6 AM on Cairo’s ring road, while having the best coffee in town at On the Run, my friend and I decided to figure out what would it need to start a new startup. So we decided to pretend we’re about to start a new start up.
Marketers always looking for fastest way to get things done. And since we mentioned previously the importance of photos in social media and how to Create Images for Social Media and Blog. Based on Kevan Lee article I’ve created a PSD template with Guidelines to follow so you can create ideal social media image sizes
The best sizes for sharing images on social media
In Kevan’s article he listed 6 ideal social media images sizes to be used
Visual content is an essential part getting more shares to your content, as I mentioned in my article how to get you blog to be shared 1000 times.
Studies also said that photos gets 5x more engagement on social media so its only logic that putting a lot of effort into images and photos is very important part of your social media strategies and in writing successful blog posts.
How to Create Images for Social Media and Blog using simple tools?
In this post i will explain how I create images for Social Media and my blog posts, some of these tools are advanced and some are really simple, but either will sure enough to help you get more shares for your content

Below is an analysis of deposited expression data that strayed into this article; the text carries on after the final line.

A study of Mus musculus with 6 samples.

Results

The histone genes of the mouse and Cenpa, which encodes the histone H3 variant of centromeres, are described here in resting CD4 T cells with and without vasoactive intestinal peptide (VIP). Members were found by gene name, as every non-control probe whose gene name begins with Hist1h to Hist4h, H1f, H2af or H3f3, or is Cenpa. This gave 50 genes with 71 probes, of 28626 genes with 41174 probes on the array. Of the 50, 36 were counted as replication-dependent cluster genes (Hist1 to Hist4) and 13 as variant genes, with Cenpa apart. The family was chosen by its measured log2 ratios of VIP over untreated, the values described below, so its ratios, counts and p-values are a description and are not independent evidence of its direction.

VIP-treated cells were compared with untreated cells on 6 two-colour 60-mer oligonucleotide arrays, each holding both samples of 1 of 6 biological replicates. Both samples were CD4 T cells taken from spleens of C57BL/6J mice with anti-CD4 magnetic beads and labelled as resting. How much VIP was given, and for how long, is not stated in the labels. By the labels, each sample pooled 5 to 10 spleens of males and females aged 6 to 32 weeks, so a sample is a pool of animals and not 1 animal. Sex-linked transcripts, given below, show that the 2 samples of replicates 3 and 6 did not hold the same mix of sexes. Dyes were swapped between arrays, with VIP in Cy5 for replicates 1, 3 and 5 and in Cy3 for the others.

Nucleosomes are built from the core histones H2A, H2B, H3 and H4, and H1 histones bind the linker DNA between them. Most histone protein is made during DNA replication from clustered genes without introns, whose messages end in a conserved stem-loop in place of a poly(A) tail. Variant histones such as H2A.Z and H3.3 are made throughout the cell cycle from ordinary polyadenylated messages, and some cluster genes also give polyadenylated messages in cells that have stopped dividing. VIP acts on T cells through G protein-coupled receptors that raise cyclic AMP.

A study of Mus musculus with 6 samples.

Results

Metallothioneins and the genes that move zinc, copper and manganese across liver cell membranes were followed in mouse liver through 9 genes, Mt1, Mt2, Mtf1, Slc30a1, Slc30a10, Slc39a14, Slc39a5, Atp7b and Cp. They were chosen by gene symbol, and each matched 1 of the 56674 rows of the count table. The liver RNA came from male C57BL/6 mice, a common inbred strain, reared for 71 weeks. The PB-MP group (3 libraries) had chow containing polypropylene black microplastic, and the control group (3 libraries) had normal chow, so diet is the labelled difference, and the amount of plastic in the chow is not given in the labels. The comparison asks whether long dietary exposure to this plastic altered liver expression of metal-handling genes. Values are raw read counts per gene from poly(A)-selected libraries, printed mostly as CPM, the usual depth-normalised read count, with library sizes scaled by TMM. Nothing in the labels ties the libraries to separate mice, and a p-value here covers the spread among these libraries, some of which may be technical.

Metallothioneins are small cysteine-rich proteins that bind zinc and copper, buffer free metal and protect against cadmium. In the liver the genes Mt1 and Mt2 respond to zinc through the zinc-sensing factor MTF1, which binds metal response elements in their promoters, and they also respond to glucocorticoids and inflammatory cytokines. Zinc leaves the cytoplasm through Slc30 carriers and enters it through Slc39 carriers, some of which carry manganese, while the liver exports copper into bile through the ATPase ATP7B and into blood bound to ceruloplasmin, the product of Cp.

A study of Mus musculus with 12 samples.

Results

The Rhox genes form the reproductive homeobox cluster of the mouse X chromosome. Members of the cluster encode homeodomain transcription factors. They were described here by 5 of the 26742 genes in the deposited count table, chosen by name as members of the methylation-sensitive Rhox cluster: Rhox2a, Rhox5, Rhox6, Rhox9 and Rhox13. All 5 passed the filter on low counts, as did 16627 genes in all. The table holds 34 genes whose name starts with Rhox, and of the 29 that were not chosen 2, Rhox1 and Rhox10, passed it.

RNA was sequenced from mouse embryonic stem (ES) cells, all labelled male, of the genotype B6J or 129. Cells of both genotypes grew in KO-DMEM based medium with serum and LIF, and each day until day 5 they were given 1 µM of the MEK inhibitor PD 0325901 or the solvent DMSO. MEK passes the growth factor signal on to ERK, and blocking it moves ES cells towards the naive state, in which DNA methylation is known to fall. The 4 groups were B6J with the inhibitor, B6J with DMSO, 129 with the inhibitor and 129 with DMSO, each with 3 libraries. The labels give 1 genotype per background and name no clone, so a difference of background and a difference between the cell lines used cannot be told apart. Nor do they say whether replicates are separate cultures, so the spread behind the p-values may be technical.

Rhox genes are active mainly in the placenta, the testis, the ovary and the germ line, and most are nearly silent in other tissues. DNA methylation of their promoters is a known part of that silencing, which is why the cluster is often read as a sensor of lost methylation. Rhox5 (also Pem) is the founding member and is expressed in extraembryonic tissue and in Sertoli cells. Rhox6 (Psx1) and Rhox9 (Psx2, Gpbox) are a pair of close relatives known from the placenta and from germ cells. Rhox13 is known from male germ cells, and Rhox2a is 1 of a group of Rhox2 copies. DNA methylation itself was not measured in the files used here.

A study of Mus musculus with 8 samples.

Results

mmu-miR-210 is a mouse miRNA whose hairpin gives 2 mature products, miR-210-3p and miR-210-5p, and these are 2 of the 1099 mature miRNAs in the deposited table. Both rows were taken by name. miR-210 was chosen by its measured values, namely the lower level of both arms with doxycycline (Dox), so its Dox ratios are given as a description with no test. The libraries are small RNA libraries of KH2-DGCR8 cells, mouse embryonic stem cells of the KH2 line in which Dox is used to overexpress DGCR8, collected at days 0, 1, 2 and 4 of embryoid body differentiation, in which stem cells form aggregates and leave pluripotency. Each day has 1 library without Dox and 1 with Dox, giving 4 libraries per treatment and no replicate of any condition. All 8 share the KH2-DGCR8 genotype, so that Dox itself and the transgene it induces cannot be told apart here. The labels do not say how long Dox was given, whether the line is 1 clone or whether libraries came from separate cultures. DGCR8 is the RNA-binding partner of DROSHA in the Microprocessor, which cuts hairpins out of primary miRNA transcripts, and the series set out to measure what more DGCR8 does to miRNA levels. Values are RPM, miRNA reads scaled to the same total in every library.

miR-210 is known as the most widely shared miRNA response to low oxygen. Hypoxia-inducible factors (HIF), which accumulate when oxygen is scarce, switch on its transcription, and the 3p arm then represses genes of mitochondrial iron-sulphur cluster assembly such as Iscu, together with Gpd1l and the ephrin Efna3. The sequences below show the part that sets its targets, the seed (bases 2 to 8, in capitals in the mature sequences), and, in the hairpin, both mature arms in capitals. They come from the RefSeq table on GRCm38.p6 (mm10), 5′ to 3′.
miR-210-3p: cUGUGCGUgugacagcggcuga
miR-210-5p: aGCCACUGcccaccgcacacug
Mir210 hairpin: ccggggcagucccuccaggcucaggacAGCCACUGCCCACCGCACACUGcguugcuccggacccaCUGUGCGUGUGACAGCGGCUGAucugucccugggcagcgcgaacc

First lets see the steps how to create images for social media and blogs (click any of the steps to go directly to it)
- Find Stock Images to share
- Add Branding / Text to your Social Media Images
- Download Ready-made PSD Social Media Images Sizes Templates
- Creating Infographics
- Free Infographic Templates
- Free Online Tools to Create Images for Social Media & Your Blog Post on the fly
- Various Essential Tool for Blogging with images
- Auto create og:image with WordPress Plugin
Have you ever tried to share media on your phone, tablet, or online, and come across a different looking share icon image on every platform? Min Ming Lo of Pixelapse brings up that very point in a recent post.
It’s quite interesting, if you think about it. The idea of the “share” icon is very difficult to portray, which is why it takes so many forms. From a Y shape, to a picture of a milkshake, the look of this icon is clearly disagreed upon. It’s quite easy to depict “add” with a + or “back” with an arrow, but “share” requires a little creativity.